When Life Gives You Lemons, Cast Them In Plastic

I ruined my jeans while casting my face in plastic. So I cut up my jeans and cast them into my face using plastic.


  1. Denim can absorb a LOT of Smooth Cast 327. Make extra.
  2. Press the fabric firmly into all the cracks and crevices. It's easy to have bubbles.
  4. Acetone will dissolve pink foam. But it also dissolves SmoothCast 327
  5. Dremmel's are cool.

What we have here is a failure to communicate...


The schematics and code for these boards will be posted next week. These are the preliminary circiuts I'll use for my final project. One is a sensor board, with input for up to 4 capacitive sensors. It uses a Mega168 for extra memory, so that it can learn statistical models to recognize me. The sensor board also has a button and a header with two serial communication channels.

The other board is designed for output. It has an h-bridge hooked up to the two PWM channels of a tiny84, and an extra pin out for a piezzo buzzer. It's designed to receive a signal from the sensing boards and do something interesting.

Both boards are designed to be modular, meaning that I could build multiple of them and they could communicate with each other. Each one has two separate serial channels. The idea was that one would be used among the sensor boards and one would be used among the output boards. The code is not quite ready for this yet, but hopefully it will be by next time.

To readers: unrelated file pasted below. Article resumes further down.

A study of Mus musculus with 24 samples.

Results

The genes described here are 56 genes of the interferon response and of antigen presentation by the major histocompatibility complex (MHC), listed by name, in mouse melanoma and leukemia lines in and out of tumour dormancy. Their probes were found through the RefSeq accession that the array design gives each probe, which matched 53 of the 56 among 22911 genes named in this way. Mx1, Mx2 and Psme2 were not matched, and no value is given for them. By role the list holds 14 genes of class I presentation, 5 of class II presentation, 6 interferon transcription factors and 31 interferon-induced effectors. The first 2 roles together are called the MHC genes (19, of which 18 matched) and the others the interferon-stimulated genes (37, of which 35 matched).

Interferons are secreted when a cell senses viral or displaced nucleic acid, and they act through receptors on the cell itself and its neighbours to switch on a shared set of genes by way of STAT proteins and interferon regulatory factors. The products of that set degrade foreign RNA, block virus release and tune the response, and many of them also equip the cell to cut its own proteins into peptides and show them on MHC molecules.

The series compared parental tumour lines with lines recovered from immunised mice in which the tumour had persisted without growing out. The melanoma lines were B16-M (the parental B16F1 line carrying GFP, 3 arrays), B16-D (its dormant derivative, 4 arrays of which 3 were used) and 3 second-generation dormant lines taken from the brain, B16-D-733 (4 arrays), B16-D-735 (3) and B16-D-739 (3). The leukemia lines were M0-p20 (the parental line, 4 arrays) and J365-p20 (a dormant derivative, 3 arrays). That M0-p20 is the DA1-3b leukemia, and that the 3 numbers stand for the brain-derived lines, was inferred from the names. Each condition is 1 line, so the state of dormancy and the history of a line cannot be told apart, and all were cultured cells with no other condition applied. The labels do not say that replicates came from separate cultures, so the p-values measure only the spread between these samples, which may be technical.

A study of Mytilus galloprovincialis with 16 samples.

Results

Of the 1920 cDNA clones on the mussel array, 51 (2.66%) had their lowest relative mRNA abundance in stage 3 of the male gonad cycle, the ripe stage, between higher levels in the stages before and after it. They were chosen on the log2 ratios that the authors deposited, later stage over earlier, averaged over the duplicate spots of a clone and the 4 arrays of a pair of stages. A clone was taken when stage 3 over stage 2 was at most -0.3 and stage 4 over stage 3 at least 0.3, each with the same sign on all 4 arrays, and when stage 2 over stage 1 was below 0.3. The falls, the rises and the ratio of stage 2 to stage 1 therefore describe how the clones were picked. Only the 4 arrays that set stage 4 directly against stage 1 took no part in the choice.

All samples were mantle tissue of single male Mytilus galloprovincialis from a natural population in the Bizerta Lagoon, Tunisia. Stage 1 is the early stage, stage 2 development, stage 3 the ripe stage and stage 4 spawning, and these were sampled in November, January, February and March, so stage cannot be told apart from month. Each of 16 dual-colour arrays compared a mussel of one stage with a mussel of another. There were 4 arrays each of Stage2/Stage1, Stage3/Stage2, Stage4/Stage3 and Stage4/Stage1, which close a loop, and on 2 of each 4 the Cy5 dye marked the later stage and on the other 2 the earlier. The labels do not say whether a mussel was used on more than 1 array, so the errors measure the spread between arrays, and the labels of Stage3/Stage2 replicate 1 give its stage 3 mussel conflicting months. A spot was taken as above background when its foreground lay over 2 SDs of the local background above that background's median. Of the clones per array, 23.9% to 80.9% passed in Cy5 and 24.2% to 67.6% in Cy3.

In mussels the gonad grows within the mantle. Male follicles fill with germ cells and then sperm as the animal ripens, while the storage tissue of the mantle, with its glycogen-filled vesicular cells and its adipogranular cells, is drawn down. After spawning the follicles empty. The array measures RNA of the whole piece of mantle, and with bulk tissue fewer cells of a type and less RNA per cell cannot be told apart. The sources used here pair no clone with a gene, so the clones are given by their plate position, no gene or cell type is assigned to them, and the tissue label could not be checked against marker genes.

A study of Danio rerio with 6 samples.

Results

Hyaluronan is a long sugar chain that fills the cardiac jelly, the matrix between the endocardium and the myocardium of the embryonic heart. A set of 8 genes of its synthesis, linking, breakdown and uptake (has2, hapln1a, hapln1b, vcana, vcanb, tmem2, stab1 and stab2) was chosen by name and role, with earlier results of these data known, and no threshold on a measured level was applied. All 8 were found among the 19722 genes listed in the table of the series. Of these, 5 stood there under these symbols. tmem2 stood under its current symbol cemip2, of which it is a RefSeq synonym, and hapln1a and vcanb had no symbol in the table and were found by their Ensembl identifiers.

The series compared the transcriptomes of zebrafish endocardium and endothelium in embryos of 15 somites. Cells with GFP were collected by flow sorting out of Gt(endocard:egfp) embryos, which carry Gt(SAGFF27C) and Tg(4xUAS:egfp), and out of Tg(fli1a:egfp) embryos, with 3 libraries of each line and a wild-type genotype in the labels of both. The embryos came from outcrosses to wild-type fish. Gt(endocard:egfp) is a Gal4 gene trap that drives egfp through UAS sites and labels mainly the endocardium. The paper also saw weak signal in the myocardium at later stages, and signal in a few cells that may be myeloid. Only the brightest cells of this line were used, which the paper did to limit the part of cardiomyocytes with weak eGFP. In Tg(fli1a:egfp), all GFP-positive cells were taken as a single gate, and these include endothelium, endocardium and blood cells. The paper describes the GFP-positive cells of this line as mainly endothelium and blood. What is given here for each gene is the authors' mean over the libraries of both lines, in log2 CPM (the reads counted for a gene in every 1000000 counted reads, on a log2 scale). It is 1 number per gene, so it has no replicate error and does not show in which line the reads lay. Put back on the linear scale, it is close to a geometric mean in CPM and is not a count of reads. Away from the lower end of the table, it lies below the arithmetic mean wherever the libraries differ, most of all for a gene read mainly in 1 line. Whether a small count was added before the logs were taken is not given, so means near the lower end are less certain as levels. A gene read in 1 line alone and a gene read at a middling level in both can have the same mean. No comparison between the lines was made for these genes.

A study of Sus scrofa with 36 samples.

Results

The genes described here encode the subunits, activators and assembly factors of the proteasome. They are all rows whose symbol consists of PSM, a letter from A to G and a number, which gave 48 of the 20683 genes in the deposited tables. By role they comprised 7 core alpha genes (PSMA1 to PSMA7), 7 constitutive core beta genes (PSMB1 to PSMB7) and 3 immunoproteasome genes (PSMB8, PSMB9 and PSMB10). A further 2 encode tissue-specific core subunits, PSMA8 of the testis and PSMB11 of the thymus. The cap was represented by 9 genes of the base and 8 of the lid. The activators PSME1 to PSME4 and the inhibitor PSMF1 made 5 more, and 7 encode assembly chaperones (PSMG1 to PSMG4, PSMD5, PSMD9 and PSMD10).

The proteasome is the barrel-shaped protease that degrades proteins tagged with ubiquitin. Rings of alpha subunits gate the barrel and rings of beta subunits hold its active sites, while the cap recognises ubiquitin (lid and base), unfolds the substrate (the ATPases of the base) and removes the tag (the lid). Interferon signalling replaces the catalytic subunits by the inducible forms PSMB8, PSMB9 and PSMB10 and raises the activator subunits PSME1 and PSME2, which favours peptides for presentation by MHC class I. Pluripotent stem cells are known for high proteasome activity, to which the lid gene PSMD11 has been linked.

1. H-bridge was backwards. (No dot on schematic OR chip)
  2. Driving N-MOSFETs were backwards. (S,G and D not labeled in fab library)
  3. No pull-down resistor on drive line for N-MOSFETs. (Thought pull-ups on P-MOSFETs was enough)


  2. No matter how tempting it is, don't wire your h-bridge from an existing diagram. Think through it yourself.
  3. If you can't identify S, G and D, stop, take a breath, find a datasheet and START OVER.
  4. The slanted side of the h-bridge corresponds to the dot on the datasheet (but it's absent in the schematic).
  5. Before you program, EVERYTHING FLOATS.
  6. When you plug in your board for the first time, keep your finger on the h-bridge. Be ready to unplug the power quickly.
  7. When all hope is lost, ask Brian Mayton.

The Final Countdown!!

I'm getting ready to build the anti-theft device for my chair. For starters, I 3D-scanned the back and seat of it. I found out that GeoMagic has some great features for creating a full 3D model out of a bunch of crappy partial point-clouds.


  1. Put some kind of markers on the thing you want to scan. Make sure they're evenly spaced and easily identifiable.
  2. Try not to overlap too much - go for maximal coverage.
  3. Downsample and decimate aggresively. You don't need more than a couple hundred thousand triangles to represent most reasonable shapes.